Infertility Treatment Increases Risk for Severe Maternal Morbidity, Mortality

3d illustration artificial insemination
3d illustration artificial insemination, fertilisation, Injecting sperm into egg cell. Assisted reproductive treatment
Women who become pregnant from infertility treatment may be at an increased risk for postpartum hemorrhage, admission to the intensive care unit, or puerperal sepsis as well as death.

Women who became pregnant from infertility treatment, specifically in vitro fertilization, had a higher risk for severe morbidity and mortality, according to a study published in the Canadian Medical Association Journal.

A Canadian research team analyzed a population of women aged 18 to 60 years with a hospital delivery between April 2006 and March 2012. After propensity score matching, 11,546 pregnancies achieved with infertility treatment including ovulation induction, intrauterine insemination, or in vitro fertilization were compared with 47,553 unassisted pregnancies to assess the association of each to severe maternal morbidity and mortality. Infertility treatment was further categorized into invasive (in vitro fertilization with or without intracytoplasmic sperm injection) or noninvasive (intrauterine insemination or ovulation induction alone) to determine the relationship of treatment type to maternal morbidity indicators only.

Severe maternal morbidity or death that occurred between 20 weeks’ gestation and 42 days after hospital discharge after delivery was the primary outcome measure. Secondary outcomes included the most common individual indicators of severe maternal morbidity (severe postpartum hemorrhage, maternal admission to an intensive care unit, puerperal sepsis, hysterectomy, and cardiac conditions) and all-cause maternal mortality between 42 and 365 days postpartum.

Severe maternal morbidity or death occurred in 356 treated pregnancies (30.8 per 1000) and in 1054 untreated pregnancies (22.2 per 1000). This outcome measure occurred in 121 pregnancies achieved through noninvasive treatment (21.7 per 1000) and in 235 achieved through invasive treatment (39.3 per 1000). The absolute risk for severe maternal morbidity or death in relation to the use of infertility treatment was more pronounced in those ≥40 years of age and in those with a multiple gestation.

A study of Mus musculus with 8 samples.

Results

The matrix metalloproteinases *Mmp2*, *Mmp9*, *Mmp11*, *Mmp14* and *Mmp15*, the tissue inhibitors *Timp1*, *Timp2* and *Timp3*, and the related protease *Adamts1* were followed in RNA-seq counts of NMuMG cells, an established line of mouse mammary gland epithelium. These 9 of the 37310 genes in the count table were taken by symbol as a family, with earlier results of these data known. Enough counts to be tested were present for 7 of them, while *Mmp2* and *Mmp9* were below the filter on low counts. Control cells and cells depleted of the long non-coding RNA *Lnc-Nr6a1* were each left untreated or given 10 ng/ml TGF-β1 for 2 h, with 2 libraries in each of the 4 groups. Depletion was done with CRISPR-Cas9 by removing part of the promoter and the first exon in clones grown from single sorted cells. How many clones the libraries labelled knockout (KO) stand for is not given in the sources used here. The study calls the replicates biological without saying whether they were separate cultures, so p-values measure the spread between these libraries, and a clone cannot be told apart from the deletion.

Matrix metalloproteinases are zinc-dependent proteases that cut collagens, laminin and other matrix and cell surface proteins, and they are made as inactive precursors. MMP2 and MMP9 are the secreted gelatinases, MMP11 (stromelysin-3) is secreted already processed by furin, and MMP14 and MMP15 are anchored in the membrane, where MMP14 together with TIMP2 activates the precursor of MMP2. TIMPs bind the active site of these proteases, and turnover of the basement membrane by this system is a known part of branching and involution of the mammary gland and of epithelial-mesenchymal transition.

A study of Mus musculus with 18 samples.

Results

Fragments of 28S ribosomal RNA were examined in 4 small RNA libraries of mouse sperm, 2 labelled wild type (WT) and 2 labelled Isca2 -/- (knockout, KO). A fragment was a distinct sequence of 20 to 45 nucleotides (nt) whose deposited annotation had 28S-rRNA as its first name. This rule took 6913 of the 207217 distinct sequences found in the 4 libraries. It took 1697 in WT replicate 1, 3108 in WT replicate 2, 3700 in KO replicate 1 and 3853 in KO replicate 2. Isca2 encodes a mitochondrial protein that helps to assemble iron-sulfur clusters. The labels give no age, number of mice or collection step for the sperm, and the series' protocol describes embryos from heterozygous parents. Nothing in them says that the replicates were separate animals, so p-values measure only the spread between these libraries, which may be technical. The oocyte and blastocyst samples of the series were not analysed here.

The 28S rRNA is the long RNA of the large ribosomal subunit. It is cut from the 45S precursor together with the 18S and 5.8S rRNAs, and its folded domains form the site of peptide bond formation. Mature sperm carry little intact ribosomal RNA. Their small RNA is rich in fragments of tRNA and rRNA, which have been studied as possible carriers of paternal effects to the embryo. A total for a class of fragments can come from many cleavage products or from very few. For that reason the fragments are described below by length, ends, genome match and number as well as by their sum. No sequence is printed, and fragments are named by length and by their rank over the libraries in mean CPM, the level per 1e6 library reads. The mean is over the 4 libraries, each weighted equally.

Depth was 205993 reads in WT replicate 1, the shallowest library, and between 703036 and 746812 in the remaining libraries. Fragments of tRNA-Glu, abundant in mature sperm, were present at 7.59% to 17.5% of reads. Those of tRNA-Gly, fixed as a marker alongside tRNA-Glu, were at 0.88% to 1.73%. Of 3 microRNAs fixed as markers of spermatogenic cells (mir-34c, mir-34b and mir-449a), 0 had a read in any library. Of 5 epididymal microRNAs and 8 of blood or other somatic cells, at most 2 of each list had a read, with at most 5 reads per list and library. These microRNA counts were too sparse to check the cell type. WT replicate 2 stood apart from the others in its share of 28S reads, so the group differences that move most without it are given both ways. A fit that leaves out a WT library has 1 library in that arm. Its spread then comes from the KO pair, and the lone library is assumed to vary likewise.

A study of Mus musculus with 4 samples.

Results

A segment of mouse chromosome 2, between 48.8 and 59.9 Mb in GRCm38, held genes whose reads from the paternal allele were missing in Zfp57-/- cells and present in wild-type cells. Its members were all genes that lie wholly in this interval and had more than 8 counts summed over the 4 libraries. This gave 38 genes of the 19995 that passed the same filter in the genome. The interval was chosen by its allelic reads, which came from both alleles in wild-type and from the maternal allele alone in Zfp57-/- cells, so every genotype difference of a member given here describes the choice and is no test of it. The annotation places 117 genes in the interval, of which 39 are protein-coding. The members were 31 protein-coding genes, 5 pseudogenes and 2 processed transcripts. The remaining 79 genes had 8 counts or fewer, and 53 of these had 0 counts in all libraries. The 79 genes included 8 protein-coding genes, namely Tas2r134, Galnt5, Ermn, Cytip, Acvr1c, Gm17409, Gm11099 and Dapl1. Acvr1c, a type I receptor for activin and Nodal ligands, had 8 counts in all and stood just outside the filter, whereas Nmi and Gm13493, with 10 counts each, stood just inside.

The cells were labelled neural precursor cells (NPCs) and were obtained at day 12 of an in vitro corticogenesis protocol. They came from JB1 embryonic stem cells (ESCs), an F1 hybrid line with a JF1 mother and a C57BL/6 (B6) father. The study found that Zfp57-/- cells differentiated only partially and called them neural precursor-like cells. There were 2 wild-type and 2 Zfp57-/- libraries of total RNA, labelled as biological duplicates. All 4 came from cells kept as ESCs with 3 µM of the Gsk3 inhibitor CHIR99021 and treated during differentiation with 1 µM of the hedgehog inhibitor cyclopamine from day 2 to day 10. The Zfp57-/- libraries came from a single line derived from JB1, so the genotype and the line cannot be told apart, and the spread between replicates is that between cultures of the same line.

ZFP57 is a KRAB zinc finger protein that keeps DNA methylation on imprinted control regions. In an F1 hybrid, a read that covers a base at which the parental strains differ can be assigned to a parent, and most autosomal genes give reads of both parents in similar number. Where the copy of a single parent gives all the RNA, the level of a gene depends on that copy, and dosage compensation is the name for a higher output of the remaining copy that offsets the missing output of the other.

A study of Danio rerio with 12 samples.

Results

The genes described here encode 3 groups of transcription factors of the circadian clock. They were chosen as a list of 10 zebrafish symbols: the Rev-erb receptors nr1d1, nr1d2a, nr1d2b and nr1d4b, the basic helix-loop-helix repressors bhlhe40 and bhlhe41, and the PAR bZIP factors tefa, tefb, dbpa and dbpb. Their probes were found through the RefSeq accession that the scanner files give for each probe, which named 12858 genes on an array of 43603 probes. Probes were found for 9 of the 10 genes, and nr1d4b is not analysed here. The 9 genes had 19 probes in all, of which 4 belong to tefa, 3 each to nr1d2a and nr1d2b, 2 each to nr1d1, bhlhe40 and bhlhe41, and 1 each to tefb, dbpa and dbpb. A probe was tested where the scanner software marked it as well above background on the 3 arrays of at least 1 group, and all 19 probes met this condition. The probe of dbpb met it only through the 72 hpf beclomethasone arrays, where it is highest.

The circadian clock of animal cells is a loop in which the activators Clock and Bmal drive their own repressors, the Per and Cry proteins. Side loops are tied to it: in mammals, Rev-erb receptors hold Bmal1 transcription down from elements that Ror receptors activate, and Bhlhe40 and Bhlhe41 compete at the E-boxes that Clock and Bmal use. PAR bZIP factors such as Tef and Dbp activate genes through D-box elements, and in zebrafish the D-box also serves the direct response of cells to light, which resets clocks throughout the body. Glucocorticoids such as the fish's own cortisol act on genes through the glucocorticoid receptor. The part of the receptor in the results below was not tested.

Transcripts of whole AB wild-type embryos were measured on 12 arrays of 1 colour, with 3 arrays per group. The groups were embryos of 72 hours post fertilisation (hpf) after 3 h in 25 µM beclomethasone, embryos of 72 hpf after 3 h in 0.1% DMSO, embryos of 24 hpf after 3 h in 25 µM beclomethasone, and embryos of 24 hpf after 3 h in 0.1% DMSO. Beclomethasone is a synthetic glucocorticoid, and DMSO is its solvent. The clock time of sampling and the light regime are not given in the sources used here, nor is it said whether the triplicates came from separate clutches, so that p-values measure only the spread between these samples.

Maternal death from 20 weeks’ gestation to 42 days postpartum occurred in <6 women who used infertility treatment (≤0.5 per 1000) and in <6 women who did not (≤0.1 per 1000), and death from 42 to 365 days postpartum occurred in <6 women who received infertility treatment (≤0.5 per 1000) and in 11 women who did not (0.2 per 1000).

Indicators of severe maternal morbidity were more common in pregnancies achieved through infertility treatment than in untreated pregnancies. Significant associations were found among severe postpartum hemorrhage, maternal admission to an intensive care unit, puerperal sepsis, and invasive infertility treatment, whereas no statistically significant associations were observed for noninvasive treatment.

“Women whose pregnancy was achieved by infertility treatment, especially in vitro fertilization, are at a somewhat higher risk of severe maternal morbidity or death,” the authors concluded. “Further research should identify patient- and treatment-specific factors that might be modified to mitigate excess maternal risks.”


Dayan N, Joseph KS, Fell DB, et al. Infertility treatment and risk of severe maternal morbidity: a propensity score–matched cohort study. CMAJ. 2019;191:E118-E127.